Debate over Cuba's place on terrorism list continues as US restricts diplomats' movements.
Several Cuba activists in Washington, including Wayne Smith, a former head of the US Interests Section in Havana during the Carter administration, argued that the United States has gone too far in considering Cuba an enemy and blamed the policy on efforts to woo Cuban-American voters in Florida.
Britain, the United States' chief partner in the war on terror, also has said it wants Cuba removed from the terrorism blacklist. British Energy Minister Brian Wilson praised Fidel Castro's condemnation of the Sept. 11 attacks and its offer of the use of its airports and medical personnel.
The State Department, which published its last terrorism report in April, says it keeps Cuba on the terrorist list because it harbors American fugitives and a number of Basque terrorists and has ties to Colombian guerrilla groups, which the United States says have "a permanent presence on the island."
While Castro seemed to invite a reassessment of his government with his words of support after the Sept. 11 attacks, he quickly reverted to his usual attacks on US policy.
He denounced the United States for failing to prosecute those who hijacked Cuban planes and for harboring Cuban-Americans who've plotted to overthrow him, calling them terrorists. He also has condemned the US air campaign in Afghanistan.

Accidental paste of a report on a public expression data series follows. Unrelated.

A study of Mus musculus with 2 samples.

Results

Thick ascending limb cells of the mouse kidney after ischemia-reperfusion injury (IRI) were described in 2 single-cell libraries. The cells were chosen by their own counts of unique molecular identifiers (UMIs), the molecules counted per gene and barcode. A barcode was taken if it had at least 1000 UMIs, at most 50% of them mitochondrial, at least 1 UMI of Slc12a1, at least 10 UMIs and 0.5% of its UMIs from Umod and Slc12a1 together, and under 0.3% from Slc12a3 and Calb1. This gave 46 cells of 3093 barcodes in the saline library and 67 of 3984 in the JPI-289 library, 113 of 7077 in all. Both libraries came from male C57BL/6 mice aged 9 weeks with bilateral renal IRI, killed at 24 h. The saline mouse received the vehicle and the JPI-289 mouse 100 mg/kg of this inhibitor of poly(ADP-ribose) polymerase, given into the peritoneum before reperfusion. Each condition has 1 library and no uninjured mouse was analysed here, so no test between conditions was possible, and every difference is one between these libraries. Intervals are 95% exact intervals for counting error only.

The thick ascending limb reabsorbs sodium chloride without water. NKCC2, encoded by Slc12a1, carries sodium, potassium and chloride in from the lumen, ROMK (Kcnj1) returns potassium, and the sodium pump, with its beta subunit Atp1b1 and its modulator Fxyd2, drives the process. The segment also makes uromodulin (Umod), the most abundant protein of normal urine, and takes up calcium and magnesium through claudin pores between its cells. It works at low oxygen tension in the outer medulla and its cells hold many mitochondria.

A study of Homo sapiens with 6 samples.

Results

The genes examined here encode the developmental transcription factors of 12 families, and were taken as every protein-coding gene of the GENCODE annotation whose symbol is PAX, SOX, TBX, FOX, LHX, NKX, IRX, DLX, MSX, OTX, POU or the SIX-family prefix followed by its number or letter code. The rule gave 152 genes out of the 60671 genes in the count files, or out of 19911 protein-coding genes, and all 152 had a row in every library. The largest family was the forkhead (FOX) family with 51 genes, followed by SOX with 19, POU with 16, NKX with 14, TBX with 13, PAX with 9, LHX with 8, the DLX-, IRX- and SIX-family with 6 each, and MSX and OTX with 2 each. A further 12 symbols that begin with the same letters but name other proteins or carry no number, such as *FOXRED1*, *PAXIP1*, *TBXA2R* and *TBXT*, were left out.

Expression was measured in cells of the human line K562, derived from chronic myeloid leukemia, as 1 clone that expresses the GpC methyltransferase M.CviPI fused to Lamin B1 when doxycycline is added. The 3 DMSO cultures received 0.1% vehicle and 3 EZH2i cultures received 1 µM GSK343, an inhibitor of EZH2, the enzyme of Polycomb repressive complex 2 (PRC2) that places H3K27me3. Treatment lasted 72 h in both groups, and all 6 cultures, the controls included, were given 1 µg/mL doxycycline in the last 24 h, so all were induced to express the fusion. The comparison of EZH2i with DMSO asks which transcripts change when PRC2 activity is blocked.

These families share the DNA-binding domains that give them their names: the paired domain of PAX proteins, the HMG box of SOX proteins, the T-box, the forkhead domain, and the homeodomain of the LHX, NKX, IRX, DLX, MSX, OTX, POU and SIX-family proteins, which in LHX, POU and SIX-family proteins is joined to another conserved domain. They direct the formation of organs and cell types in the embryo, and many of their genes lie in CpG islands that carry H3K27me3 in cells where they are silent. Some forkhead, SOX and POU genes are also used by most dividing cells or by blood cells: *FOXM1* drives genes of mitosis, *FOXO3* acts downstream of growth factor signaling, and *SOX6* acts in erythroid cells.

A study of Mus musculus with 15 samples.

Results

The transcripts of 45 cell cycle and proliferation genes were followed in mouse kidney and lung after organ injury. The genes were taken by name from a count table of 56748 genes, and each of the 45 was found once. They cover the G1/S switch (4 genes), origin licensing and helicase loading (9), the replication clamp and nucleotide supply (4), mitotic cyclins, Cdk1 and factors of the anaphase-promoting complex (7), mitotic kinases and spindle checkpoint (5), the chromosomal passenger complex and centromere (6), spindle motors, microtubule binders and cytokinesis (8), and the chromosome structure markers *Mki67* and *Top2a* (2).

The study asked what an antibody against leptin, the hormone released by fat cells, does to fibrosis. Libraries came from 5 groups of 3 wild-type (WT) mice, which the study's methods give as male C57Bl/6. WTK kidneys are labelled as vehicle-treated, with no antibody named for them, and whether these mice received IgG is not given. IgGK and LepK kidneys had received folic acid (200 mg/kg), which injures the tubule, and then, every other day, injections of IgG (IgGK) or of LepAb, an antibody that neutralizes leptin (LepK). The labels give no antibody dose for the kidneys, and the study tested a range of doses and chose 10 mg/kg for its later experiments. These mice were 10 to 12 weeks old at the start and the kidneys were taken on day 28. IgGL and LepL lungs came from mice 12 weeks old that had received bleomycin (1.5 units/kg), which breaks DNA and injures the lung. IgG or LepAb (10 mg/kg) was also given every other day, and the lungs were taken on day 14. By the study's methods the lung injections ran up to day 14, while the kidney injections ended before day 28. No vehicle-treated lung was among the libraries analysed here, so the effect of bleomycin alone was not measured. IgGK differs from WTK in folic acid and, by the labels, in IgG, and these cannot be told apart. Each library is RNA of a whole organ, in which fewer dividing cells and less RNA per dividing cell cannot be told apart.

The US war on terror and the new worry about biological attacks prompted Cuban-American lawmakers in Congress to renew their claims that Castro's government has offensive biological weapons capability that could be used against the United States.
At an Oct. 24 hearing. Rep. Ileana Ros-Lehtinen (R-FL) asked Secretary of State Colin Powell if he was aware that Cuba had sold a "rogue" Middle Eastern state "a shot that could be used for good purposes, but with an additional--a little supplement added to it--can be turned into a biological weapon against our people."
At the same hearing, Rep. Robert Menendez (D-NJ) said news reports that two suspected Afghans were arrested in the Cayman Islands after traveling through Cuba and the fact Castro has recently visited Iran were proof that the Cuban government is involved in terrorist activity.
Powell assured the anti-Castro lawmakers that "he'd take another look at our intelligence holdings" regarding Cuba. But he also echoed the argument of those who say Cuba should be dropped from the terror list because it no longer has the capability to harm the United States.
"When I compare the threat that Cuba was to us and to the whole hemisphere some 12, 13 years ago when I was in the Reagan administration and how we fought against that and prevailed over that kind of threat by the election of democracies throughout the region, when I watched the Soviet Union and now Russia just walk away, pull away from Cuba, it is not the same kind of threat that it used to be," Powell said.
However, while Powell was careful to minimize Cuba's threat potential, he agreed to do something the anti-Castro lawmakers had been lobbying the State Department to do for years: restrict the movement of Cuban diplomats in Washington.
On Oct. 19, State Department spokesman Philip Reeker announced that Cubans posted to the Cuban Interests Section cannot travel beyond the highway known as the Beltway that encircles Washington--a distance of about 10 to 15 miles from the city.
Under the old arrangements, the Cubans could travel as far as 25 miles from the White House without notifying the State Department.
The new restrictions match the rules the Cuban government imposes on US diplomats in Havana, Reeker said. He did not explain the timing of the decision. Some officials have said the new restrictions are intended to punish Cuba in the wake of the arrest of a top US intelligence officer on charges of spying for Cuba.